You remember Bill and Lou? (see, “Oxen: It’s what for dinner,” Oct. 22, 2012).
They were a pair of aging cattle that worked an on-campus farm at Vermont’s Green Mountain College, an institution that prides itself as being environmentally sustainable, to the extent the college requires all students to complete a 37-credit Environmental Education program. Given that positioning, the school intended to slaughter, process and serve beef from the oxen in the interests of actually being eco-responsible.
But I said Bill and Lou “were” a pair, because the college decided earlier this week to euthanize Lou, citing an injury to his rear leg, which required medication college officials said rendered the meat unfit to eat.
“The arrival of cold temperatures and icy conditions are certain to increase [Lou’s] suffering, and we have concurred with our veterinarians’ judgment that it was not humane for him to suffer further,” college officials said in a statement released Sunday.
The decision came amid an outcry ginned up by animal activists, who demanded that the animals be sent to a sanctuary, rather than to the dining hall. But activists didn’t just petition the college. Oh, no—that’s not how they roll.
Instead, according to a story in The New York Times, they bombarded a local packing plant with protests and threats, forcing the school to re-consider its plans.
“The slaughterhouse was barraged by threats from animal rights activists and refused the animals, so we were unable to carry through with our plan,” William Throop, the college provost, who also specializes in environmental ethics, told The Times.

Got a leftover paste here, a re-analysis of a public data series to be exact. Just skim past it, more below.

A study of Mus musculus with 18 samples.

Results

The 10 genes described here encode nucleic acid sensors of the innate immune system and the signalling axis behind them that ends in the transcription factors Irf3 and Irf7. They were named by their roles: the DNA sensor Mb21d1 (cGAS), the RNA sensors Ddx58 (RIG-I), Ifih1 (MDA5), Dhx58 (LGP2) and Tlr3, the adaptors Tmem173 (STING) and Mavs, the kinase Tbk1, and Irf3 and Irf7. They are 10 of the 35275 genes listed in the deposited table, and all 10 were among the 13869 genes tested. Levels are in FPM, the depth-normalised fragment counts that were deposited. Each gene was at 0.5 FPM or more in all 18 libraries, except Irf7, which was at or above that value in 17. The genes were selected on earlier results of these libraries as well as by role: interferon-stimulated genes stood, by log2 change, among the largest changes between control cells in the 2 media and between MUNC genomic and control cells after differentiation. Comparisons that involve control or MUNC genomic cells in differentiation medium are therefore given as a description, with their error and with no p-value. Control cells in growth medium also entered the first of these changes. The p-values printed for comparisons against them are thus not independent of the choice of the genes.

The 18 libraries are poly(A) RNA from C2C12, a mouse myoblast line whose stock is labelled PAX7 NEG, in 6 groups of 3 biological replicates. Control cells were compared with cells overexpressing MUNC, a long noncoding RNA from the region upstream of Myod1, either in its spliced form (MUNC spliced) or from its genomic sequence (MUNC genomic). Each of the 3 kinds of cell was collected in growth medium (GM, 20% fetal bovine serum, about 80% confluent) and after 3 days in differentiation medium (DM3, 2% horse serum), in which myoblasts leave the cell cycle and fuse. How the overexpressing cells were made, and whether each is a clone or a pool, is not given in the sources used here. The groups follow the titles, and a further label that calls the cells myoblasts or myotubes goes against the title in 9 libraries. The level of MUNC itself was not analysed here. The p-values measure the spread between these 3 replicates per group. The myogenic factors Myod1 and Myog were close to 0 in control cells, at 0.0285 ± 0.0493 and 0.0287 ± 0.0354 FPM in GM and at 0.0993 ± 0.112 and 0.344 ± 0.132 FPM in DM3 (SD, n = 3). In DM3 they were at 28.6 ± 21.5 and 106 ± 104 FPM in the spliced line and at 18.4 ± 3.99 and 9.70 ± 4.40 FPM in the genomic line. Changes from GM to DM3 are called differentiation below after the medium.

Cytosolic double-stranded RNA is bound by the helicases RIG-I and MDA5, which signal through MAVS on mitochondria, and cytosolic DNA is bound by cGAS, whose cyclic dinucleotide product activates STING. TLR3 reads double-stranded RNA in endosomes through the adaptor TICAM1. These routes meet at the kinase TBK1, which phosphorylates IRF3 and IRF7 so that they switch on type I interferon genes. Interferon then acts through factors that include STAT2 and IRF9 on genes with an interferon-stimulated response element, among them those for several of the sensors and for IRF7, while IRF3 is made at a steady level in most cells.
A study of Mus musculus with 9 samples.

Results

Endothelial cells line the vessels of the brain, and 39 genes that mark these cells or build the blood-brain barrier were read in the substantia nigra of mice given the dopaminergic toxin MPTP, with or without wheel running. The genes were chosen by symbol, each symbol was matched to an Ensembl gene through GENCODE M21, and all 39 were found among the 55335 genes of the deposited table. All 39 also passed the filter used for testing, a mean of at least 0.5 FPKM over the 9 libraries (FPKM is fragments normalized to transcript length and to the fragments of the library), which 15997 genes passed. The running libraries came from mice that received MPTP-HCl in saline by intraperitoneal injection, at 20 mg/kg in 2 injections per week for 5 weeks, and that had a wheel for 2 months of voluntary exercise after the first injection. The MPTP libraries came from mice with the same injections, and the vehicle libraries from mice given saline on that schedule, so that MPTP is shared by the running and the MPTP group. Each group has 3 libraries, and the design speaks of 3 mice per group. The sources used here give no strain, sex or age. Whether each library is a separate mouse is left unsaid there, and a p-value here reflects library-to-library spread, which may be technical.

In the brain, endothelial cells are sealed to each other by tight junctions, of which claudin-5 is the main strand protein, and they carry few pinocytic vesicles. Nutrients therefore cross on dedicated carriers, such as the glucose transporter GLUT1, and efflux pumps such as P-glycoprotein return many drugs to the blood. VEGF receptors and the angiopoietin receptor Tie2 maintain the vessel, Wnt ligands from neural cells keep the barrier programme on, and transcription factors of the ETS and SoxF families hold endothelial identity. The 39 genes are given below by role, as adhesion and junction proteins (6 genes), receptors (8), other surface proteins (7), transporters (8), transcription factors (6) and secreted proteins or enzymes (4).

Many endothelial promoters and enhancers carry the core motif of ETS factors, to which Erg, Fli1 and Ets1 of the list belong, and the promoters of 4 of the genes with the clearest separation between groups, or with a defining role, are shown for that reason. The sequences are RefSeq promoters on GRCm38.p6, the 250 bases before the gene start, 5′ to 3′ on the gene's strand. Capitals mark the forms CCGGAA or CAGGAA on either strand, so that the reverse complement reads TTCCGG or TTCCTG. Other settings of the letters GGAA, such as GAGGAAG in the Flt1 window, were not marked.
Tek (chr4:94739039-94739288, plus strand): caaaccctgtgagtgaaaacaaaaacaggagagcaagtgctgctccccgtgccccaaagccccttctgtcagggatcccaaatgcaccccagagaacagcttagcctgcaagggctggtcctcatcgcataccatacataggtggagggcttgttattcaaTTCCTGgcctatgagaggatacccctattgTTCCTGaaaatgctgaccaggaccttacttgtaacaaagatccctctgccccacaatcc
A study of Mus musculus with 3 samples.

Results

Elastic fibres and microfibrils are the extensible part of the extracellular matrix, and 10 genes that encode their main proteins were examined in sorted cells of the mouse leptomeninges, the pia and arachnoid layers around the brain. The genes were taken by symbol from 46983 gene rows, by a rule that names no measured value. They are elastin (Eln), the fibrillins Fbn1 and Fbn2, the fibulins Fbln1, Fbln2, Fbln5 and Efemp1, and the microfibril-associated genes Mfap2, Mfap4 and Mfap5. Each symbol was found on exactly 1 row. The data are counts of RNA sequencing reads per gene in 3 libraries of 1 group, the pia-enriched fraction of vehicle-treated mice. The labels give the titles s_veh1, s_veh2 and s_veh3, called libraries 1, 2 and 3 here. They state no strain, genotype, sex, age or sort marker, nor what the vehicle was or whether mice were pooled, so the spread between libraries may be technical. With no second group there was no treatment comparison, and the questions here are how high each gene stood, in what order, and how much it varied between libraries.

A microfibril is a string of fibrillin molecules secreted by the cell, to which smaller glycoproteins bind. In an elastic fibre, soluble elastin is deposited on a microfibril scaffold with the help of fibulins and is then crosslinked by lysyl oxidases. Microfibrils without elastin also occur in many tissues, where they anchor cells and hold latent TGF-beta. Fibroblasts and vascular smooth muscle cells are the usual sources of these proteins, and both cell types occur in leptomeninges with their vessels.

Which is exactly the kind of hollow victory in which the animal rights movement specializes.
Examining the real issues
Let’s be clear about three things here:
- Activists always focus on slaughter as some kind of outrage. When herding animals in the wild are torn apart by a pack of wolves to die a slow, gruesome death, why, that’s perfectly acceptable. But a painless death in a modern packing plant? Unthinkable!
- Second, activists always raise the sanctuary issue, as if a handful of non-productive “farms” could somehow provide refuge for millions of horses, cows, sheep, goats, chickens, turkeys—not to mention companion animals—if we all were suddenly to become vegans.
- Finally, activists of all stripes always spotlight individuals, because our human reaction to a crisis is understandably amplified when we focus on a single person or animal. Think about it: Every appeal that HSUS and kindred groups conduct features the face of a sad, lonely puppy, all the better to fleece their supporters out of some discretionary cash under the guise of rescuing said puppy.